We have all heard it & if I am being honest I have said it myself many times, “make safety a priority”. This language has been pervasive in industry over the last decade. Slogans such as “safety first” or “prioritize safety” are filtering throughout jobsites as we speak. While these priority-based safety initiatives are likely founded in sound motivation, I feel they are missing an opportunity for deeper penetration into the motivations of the individual.
The dictionary defines priority as “a thing that is regarded as more important than another”. A colleague of mine, Bill Wilsey frequently uses an analogy that really drives home the point I am trying to make. Bill will tell employees that he has many priorities. Over the course of his weekend his priorities include mowing the lawn, cleaning the garage and getting groceries. These are all priorities that he has set aside for the weekend “To-Do List”. But when his kids call him and ask him to come help them work on their car, all of his weekend priorities get pushed to the side. At the core of his being, his family is a value that he places before all other priorities. If his kids need something, he will drop everything to get it done.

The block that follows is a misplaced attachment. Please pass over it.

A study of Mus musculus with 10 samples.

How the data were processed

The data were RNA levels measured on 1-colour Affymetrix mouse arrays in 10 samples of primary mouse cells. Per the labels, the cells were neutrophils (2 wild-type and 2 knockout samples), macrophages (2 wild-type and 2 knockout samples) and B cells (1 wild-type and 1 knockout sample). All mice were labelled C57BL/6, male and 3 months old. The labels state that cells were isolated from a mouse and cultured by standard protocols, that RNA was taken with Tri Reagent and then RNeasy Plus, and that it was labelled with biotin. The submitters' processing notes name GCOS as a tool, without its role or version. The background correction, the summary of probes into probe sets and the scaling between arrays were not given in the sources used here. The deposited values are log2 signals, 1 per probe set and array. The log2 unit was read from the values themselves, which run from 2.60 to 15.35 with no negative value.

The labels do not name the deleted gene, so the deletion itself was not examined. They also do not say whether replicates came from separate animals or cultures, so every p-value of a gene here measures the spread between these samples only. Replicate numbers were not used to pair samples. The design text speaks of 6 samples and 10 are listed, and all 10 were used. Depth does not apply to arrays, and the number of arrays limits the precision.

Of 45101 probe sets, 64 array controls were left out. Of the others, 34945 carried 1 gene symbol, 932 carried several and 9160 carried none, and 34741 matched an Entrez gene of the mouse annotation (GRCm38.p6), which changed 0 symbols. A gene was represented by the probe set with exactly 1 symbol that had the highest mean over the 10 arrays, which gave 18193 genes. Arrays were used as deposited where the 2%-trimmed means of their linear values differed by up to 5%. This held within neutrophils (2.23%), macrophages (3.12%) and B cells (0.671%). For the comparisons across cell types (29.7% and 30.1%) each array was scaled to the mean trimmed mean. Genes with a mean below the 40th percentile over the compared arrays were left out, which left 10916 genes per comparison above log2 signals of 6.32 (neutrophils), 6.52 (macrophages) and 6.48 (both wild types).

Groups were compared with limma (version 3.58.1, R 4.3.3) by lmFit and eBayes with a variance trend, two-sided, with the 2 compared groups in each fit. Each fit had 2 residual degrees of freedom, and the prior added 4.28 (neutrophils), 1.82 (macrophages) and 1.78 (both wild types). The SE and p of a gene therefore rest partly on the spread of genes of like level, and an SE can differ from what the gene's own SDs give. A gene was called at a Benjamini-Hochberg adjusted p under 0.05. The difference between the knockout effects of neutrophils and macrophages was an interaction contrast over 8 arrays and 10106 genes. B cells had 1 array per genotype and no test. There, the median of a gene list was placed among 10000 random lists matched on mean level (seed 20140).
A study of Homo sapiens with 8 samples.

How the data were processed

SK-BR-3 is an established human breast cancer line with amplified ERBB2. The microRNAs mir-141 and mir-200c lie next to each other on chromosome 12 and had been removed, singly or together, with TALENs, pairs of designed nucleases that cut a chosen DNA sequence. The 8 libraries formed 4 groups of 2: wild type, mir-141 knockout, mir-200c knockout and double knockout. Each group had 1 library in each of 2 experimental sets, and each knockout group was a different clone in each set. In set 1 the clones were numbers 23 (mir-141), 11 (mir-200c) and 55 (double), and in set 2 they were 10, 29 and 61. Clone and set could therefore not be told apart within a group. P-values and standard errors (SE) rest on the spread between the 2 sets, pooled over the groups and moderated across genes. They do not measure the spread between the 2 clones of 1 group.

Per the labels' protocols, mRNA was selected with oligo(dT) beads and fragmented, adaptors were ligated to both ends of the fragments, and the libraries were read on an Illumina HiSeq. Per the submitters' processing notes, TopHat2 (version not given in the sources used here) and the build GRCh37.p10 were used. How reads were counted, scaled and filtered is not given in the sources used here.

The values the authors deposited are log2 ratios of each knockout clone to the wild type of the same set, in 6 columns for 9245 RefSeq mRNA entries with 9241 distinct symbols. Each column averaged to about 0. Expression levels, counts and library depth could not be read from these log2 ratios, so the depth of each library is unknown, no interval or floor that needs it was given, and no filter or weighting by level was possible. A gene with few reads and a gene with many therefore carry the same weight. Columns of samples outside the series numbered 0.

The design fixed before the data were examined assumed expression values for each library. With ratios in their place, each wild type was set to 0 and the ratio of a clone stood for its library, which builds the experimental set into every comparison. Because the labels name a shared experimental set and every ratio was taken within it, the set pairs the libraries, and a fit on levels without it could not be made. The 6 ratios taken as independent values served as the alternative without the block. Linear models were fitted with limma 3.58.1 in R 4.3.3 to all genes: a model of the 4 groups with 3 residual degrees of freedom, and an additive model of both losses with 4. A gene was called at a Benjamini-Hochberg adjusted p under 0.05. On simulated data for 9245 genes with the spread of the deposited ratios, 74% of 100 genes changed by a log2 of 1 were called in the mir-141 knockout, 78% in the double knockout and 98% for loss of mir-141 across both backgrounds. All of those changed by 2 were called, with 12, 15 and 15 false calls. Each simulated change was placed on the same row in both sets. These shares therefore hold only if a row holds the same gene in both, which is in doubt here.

This analogy illustrates perfectly the point I am trying to make. Safety needs to be personal. Safety is not a priority that is placed in line with the other “To-Do List” items for the day. Safety is a value that has very personal implications. The message needs to be that safety is a value, because you – the individual – are the one that safety affects. Safety is a value because you are willing to drop everything else on your priority list to accommodate safety. Safety makes a difference to you first and foremost!
The message that we strive to get across is that safety is personal. The injuries that we are aiming to prevent have very real consequences to individuals & to families. Safety is a value because we choose to make it a personal mission. We choose to make safety a value, not just a priority.